On the mat, there's no multitasking
I've always had a particular appreciation for having a sense of touch. Even as a kid, I loved hands. I admired their structure, the many bones, the sensitivity of fingertips, the marvelous connection they had with the brain so that a hand could cradle an egg or grip a brick-- a feat that apparently computer scientists also appreciate.
That appreciation extends to all kinds of physical sensation and abilities of the body. I love dance, a love that was intensified and deepened in the exacting, intense, visionary classes I took with Mr.Savage at Shawl Anderson back in the day.
These days, any time I spend even five minutes on a mat for gentle yoga is precious time. There's a magical thought I have every time I'm practicing at home, or the rarer moments when I'm in a studio (somehow, I have to be on a floor, a floor floor, a dance floor or a sprung floor).
That thought is: There is nothing else more important I could be doing.
The other time in life I'd had that thought was when I was nursing my babies.
It's pretty much the most liberating, exhilarating thought I have, to affirm that what I'm doing is worthwhile. Especially when I'm doing something that's solely for my own enjoyment and health. It's very easy to put that kind of thing off when there are a million tasks for work and for the kids and for the household and even for the dog that must be done.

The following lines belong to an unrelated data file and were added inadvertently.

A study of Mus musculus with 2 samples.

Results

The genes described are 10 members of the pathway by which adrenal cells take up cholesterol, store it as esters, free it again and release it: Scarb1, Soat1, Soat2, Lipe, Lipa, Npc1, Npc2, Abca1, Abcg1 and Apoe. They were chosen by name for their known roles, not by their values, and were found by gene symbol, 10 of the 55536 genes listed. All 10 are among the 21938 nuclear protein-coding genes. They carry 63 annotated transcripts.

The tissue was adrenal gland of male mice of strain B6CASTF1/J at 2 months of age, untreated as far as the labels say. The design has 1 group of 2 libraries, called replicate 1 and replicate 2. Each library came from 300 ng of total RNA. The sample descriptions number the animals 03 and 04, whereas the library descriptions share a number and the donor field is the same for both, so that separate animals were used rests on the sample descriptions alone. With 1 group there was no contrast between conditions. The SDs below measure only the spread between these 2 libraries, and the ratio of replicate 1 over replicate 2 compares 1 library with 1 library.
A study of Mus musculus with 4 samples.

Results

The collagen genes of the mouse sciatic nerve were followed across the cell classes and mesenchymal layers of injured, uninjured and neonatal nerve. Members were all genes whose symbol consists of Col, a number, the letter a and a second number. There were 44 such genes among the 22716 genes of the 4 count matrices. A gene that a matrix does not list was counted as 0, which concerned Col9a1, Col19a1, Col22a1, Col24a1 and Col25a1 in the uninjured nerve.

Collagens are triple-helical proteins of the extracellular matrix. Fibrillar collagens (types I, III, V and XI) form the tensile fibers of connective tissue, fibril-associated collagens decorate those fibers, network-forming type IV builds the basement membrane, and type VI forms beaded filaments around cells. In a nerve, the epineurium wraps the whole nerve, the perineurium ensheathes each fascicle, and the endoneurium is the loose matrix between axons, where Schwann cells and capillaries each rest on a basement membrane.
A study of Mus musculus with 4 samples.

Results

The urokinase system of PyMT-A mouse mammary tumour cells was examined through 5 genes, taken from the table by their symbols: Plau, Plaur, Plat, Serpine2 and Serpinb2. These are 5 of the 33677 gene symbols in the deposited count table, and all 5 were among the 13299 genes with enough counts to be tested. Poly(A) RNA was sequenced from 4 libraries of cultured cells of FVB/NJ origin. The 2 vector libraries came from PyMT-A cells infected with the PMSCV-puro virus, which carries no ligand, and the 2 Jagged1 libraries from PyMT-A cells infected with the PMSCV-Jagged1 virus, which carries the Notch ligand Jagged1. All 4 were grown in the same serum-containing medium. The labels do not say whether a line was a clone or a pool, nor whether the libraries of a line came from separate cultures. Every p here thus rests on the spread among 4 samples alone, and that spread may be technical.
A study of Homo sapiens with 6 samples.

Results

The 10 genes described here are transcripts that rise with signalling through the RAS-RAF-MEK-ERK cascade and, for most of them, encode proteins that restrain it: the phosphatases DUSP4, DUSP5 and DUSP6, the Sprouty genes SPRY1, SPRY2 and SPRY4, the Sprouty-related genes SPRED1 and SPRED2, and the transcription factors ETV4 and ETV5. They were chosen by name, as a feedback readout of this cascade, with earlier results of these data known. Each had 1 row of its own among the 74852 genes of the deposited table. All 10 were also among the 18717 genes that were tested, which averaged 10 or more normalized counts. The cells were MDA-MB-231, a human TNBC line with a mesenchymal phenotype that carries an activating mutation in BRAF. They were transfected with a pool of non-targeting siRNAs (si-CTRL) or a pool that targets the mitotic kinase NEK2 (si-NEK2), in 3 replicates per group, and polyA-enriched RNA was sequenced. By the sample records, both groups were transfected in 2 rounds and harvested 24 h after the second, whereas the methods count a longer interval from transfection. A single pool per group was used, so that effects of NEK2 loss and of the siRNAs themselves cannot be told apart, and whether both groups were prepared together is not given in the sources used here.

It's very easy, and that's probably why I do it -- that is, put off movement and exercise -- all the time.
But these days, having discovered again how essential movement and exertion and sensation are to me, I'm moving yoga and exercise up on my priority list. I'll have to discover it again daily, and this is a challenge in the daily hubbub. But it's who I am, and that's not something that can stay buried.